FORGET power. Grip is the new god. Well, youíd expect Lexus to say that, wouldnít you? After all, the companyís new GS-F large performance sedan large performance sedan - launching in Australia in February with a circa-$155K price tag - has Ďonlyí 351kW and 530Nm with which to tackle the might of BMWís 423kW M5 and Mercedes- AMGís 430kW E63 S, both of which use twin-turbocharging to bolster their bullish V8s.
So, in a bar-room numbers war between owners, the Lexus can only lose (unless youíre talking price, because the GS-Fís tag is closer to the $155K C63 than the $250K E63).
Except... Lexus did not talk gripover- grunt. All they asked is that we judge the GS-F for what it has and what it does. And, with that in mind, itís a cracking sports sedan.
The Lexus GS-F is a sweet balance of sporting flavours, where no single ingredient overpowers the others. Itís the kind of sports sedan that loves driving, and not a little like an Aussie HSV or FPV (remember those?) with more polish.
At its core sits the same 5.0-litre naturally aspirated V8 engine that powers the RC-F coupe. Itís a fantastic engine that spins hard and screams harder, all the way to its 7300rpm cut-out. Sure, it canít match modern turbocharged engines for low-rev torque, which means youíll be banging on the eight-speed autoís paddles more often to keep revs high, but involvement feeds excitement, and the sound of this engine at max attack is totally intoxicating.
It also makes the GS-F searingly quick, as a 0-100km/h time of 4.6 seconds highlights.
Our day-long drive included some hot laps of Spainís Jarama racetrack near Madrid, and it was here where the grip from the GS-Fís chassis and its Michelin Pilot Super Sport tyres first impressed. The GS-F runs front wishbones and a multi-link rear like lesser GS sedans, but in a much firmer state of tune. The chassis also gets a few judiciously placed strengtheners to improve dynamics. The result is an incredibly sharp, yet stable - and flat - platform for spirited driving.
Itís a one-mode suspension tune, and doesnít have adaptive dampers to adjust the ride to suit the mood. It is firm, and it is reactive to road surfaces, which may not play well at times in country Australia.
The GS-Fís electric steering feeds inputs quickly and fluently to the front end. It pivots into corners with poise, and it sends a constant stream of feedback to the driver from the road.
Get on the power too early and the front end will want to push wide. Then the GS-Fís trick torque-vectoring diff Ė standard for Australia Ė apportions drive to the outside rear to help Ďsteerí the car around and out of a turn.
Coming into corners, it can do similar tricks on a trailing throttle and under brakes, keeping the car stable right to the apex then helping you hustle on exit.
On the road, the GS-F continues to impress, but thatís less about mid-corner grip and more about how all of the carís elements gel so cohesively together. All key ingredients are balanced and in harmony. Itís not unlike the Toyota 86ís mantra, except this time with a 5.0-litre V8 at its core.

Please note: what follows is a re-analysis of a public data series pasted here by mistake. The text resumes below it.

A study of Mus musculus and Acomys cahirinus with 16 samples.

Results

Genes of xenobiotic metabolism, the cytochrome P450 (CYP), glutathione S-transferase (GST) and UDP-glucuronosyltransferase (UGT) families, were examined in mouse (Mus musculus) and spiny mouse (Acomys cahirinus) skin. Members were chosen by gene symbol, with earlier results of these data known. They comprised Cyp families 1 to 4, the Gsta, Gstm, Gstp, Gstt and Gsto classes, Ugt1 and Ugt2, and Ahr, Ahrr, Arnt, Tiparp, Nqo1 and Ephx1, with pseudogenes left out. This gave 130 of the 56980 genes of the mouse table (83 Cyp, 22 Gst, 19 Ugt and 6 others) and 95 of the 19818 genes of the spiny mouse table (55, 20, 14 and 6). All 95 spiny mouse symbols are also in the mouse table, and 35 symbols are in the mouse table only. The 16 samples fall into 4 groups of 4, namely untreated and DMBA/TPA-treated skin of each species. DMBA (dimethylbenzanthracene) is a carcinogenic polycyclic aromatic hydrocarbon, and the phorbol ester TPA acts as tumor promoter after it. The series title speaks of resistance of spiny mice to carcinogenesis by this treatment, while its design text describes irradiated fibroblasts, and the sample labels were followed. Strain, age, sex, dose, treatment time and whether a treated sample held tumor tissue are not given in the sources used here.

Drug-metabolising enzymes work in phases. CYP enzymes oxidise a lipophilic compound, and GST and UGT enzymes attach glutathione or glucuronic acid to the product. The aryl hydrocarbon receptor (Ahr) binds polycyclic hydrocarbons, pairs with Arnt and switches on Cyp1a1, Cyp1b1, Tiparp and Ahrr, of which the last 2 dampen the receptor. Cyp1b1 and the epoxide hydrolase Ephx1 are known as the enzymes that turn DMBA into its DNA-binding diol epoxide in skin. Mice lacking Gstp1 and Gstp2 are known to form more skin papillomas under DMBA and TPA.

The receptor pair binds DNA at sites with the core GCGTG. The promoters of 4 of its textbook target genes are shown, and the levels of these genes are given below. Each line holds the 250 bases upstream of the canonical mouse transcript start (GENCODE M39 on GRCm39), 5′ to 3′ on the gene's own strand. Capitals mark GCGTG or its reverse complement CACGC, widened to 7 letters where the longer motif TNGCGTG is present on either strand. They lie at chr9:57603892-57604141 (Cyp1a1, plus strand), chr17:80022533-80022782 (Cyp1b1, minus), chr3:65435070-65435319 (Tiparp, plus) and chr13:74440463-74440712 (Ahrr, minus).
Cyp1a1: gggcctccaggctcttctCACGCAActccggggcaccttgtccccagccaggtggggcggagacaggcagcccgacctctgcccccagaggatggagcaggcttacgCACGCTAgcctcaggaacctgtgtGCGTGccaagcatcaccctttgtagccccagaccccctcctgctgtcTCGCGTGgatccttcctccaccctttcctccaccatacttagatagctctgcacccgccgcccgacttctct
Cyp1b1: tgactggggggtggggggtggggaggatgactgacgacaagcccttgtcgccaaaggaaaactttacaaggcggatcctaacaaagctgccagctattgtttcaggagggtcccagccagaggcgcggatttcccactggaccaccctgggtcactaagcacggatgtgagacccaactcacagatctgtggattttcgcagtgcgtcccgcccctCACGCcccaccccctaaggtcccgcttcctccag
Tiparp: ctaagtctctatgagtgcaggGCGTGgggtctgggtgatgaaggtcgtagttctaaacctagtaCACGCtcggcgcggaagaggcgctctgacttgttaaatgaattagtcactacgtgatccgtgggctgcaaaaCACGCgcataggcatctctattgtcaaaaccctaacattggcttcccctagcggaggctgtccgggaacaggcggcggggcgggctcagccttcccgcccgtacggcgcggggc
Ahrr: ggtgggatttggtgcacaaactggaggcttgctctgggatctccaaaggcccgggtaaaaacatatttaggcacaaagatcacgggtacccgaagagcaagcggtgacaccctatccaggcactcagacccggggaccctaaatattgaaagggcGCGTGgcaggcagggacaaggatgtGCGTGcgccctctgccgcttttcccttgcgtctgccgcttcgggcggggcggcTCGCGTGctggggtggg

So, while some may choose to see a big V8 with no turbochargers or superchargers in a premium rear-drive sports sedan as an outdated dinosaur, thatís not fair at all. This is a thoroughly modern interpretation of an old favourite, and gives Lexusís growing reputation for building spirited and engaging performance cars a massive boost. And rightly so.
Firm ride may struggle on Aussie roads; polarising exterior styling Drivetrain response; steering; grip; sound; enthusiasm for a flogging
Model Engine Max power Max torque Transmission Weight 0-100km/h Economy Price On sale el eren t hyee Lexus GS-F 4969cc V8 (90į), dohc, 32v 351kW @ 7100rpm 530Nm @ 4800-5600rpm 8-speed automatic 1865kg 4.6sec (claimed) 11.3L/100km $155,000 (estimated) February 2016
GS-Fís soundtrack involves some aural trickery via something Lexus calls Acceleration Sound Control (ASC), which harnesses the front speakers to emphasise intake and engine sounds, while the rear speakers are called on to add some baritone boost to the exhaust note. Itís subtle, and it can be turned off.
Torque-vectoring diff (TVD) has three modes: standard, slalom (to emphasise steering response and agility) and track (for acceleration and high-speed stability). There are also four Drive modes, each adjusting throttle response, gearshift mapping and steering weight.
GS-Fís 19-inch wheels are wrapped with excellent Michelin Pilot Super Sport tyres Ė 255/35R19 front, 275/35R19 rears. Tucked behind these are 380mm discs with six-piston Brembo calipers up front, four-piston in the rear.
LEXUS says the undeniably tech-heavy and premium feel interior is Ďpilot focusedí. It does feel cosy without feeling claustrophobic, and all controls are easily within reach. Some of those controls - like Lexusís omnipotent mushroom mouse - take some getting used to, but work well once mastered. A good driving position is achievable with tilt and reach steering adjustment over a wide range, and a brilliantly supportive, electrically adjustable driverís seat.
A LITTLE more expensive than the GS-F, but in the same ballpark in terms of outputs from its smaller 4.0-litre twin-turbo V8. Overall character is more aloof and buttoned-down than the boisterous and willing Japanese warrior.
YES, itís a class smaller than the Lexus, but the rabid punch of its 4.0-litre twin-turbo V8 will help take your mind off any complaints from those in the rear. Belts the GS-F for torque, so feels more energised and thrusty when not being spanked.